Residential, commercial opportunities seen in Nigeria’s wasting public assets
The level of waste and under-utilization arising from federal government’s abandoned public assets sitting on prime land in the country have become too glaring to be overlooked by many Nigerians especially real estate industry observers.
At a time when the government struggles to address huge housing deficit estimated officially at 17 million units, some federal government structures that have been empty since after the relocation of Nigeria’s capital to Abuja continue to lie fallow for reasons bordering on legal disputes and lack of consensus on alternatives uses between federal and state governments.
Most of all, the biggest impediment experts see in this waste is the lack of political will to address these wastages despite political party alignment at the federal and state levels in a state like Lagos.
The experts argue that if disputes around these assets are resolved with reduced barriers for private investors to efficiently handle, it could impact on a robust housing programme at all levels.
Lagos State government last September confirmed the state was home to over 60 abandoned buildings belonging to the federal government. Obafemi Hamzat, the deputy governor of the state, confirmed to BusinessDay that there were still many abandoned structures in the state including the Defence House.
“It just makes sense for us to utilize it. If we can fix them, we can share the rent from letting out to people that want offices and so on,” Hamzat said.
Lagos has an estimated 21 million population and also struggles with an estimated three million housing infrastructure deficit for its teeming residents.
These abandoned structures comprising the former Federal Secretariat Complex, Ikoyi, the Defence House cited in the Independence Building, the Glass House formerly housing the Federal Ministry of Works and Housing, Ministry of Education Building among others are resources experts consider as good assets for both residential and commercial purposes.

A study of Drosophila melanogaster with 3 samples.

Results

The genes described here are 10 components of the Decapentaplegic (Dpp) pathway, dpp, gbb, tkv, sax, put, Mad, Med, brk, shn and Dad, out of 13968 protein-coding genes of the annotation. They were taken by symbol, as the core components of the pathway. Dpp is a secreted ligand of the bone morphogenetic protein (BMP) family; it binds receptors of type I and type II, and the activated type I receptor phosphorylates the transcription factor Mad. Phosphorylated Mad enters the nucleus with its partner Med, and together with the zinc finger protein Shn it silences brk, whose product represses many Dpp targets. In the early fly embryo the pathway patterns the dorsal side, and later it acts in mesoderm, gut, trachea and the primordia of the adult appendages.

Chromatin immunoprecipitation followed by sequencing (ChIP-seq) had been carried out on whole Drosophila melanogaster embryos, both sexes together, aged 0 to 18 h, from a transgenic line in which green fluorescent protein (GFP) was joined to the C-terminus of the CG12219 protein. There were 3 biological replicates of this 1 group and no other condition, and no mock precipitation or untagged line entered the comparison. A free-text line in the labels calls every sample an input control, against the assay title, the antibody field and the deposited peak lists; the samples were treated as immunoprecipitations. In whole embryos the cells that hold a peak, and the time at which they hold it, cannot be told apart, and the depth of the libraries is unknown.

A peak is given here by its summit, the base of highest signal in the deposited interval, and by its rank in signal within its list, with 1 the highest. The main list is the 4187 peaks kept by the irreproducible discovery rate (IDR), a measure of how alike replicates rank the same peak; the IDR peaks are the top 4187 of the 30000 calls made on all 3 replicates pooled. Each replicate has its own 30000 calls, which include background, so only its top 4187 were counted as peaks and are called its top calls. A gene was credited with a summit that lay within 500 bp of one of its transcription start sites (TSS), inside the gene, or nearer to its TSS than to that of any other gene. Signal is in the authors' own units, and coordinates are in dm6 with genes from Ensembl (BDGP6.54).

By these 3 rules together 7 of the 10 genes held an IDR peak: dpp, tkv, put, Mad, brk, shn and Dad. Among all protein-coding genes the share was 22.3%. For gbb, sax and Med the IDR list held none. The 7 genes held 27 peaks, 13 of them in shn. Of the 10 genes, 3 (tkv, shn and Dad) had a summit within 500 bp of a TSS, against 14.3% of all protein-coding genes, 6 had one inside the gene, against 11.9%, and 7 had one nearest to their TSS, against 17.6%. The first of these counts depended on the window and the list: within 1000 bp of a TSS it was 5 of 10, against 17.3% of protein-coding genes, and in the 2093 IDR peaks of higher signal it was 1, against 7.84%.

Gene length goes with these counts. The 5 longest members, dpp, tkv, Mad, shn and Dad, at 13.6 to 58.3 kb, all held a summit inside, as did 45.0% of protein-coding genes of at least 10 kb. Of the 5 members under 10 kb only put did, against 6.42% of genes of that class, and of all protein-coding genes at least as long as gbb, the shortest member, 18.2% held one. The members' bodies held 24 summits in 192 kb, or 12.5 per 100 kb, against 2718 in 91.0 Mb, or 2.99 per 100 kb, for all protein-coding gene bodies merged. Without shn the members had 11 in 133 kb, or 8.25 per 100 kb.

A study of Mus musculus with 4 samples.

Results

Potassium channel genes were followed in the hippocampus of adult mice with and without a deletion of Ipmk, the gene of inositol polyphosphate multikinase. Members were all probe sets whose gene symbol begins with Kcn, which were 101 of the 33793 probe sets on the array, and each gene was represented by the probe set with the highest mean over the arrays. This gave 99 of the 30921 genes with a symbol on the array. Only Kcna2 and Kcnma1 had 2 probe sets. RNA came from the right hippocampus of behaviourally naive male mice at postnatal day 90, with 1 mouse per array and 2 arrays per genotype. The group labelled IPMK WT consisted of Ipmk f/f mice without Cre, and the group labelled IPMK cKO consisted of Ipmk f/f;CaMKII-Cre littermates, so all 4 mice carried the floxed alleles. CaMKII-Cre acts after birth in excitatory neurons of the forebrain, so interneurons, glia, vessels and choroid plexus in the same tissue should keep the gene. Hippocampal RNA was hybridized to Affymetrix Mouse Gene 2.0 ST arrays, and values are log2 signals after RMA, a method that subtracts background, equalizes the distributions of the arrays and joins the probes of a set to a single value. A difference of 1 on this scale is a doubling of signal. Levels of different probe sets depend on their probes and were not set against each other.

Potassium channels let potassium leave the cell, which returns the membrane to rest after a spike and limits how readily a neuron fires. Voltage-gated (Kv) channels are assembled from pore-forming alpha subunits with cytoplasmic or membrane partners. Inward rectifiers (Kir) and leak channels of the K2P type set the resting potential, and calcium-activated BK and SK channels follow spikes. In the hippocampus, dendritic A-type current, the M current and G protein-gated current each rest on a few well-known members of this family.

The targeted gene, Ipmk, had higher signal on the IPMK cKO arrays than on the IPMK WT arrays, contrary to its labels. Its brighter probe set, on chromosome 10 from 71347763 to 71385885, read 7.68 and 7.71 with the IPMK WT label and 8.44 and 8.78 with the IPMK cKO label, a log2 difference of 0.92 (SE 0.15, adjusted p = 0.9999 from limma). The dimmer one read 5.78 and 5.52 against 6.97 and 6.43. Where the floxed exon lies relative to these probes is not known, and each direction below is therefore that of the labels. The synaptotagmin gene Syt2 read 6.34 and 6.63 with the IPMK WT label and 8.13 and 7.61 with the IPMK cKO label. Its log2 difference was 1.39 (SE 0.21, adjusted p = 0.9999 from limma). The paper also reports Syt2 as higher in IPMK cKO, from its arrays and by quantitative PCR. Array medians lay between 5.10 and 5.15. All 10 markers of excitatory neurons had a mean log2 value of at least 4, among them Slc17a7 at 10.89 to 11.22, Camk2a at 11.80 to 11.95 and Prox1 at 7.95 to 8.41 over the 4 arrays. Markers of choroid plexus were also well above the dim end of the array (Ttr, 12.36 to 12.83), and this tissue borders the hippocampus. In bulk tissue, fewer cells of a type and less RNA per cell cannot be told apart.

Unlike the NET Building which the Lagos State government says is now being handled by private capital, the Federal Secretariat continues to waste and decay. The Tafawa Balewa Square is also being managed by some private hands but continues to lack maintenance.
The old federal Secretariat was offloaded into the property market between 2003 and 2006 and was eventually acquired by Wale Babalakin’s Resort International Limited. The goal was to restructure the facility into residential use, a move that continues to be resisted by the Lagos State government.
Dotun Bamigbola, Nigerian Institute of Estate Surveyors and Valuers (NIESV), Lagos state chapter chairman, said the federal and state governments have the opportunity to leverage on the political party synergy at both levels in resolving the rot at the old federal secretariat in particular.
The expert, who agrees with the Lagos state stance on retaining the initial plan of the building in tandem with the town planning layout, equally believes both governments could still adjust measures to suit the wasting structure for a more efficient purpose.
“They should look at technical town planning issues that can be addressed to reduce the pressure that could be created from converting the Secretariat into residential use. There will be need for parking lot because that road is narrow,” Bamigbola said.
“You also have to consider how many apartments you are redesigning that place for. Similarly like you can have residential apartments there, you can also have a commercial hub there.”
Kunle Awobudu, sharing his thoughts with BusinessDay, said long abandoned structures have strong relationships with value depreciation, weakening of facilities and failure in integrity test.
“The federal secretariat is an edifice that has revealed futility of past efforts. It is something we really need to improve our advocacy on to see how the place will become useful again. It needs funds for maintenance,” Awobudu said
Built in 1972, the National Stadium in Lagos was one of the biggest stadiums in the country with a capacity of 55,000 spectators. But what should stand as a national monument, pointing modern Nigerians to the efforts of past patriots, is more of an example of deterioration today.
Just as the country’s governance seem defective in progressive continuation of policies, the centre of Nigeria’s independent celebration in 1960, the Tafawa Balewa Square also lacks maintenance.
There is widespread need for residential and commercial housing infrastructure, yet the 32-storey NET building continues to spend decades in decay.
For now, there are no clear indication of interest on the path of the federal government or the Ministry of Power, Works and Housing. But the new government in Lagos has said it would make presentation to the federal government as to a better utilization of those properties.
“We are collating all of those buildings. We will take interest in all of them,” Hamzat promised.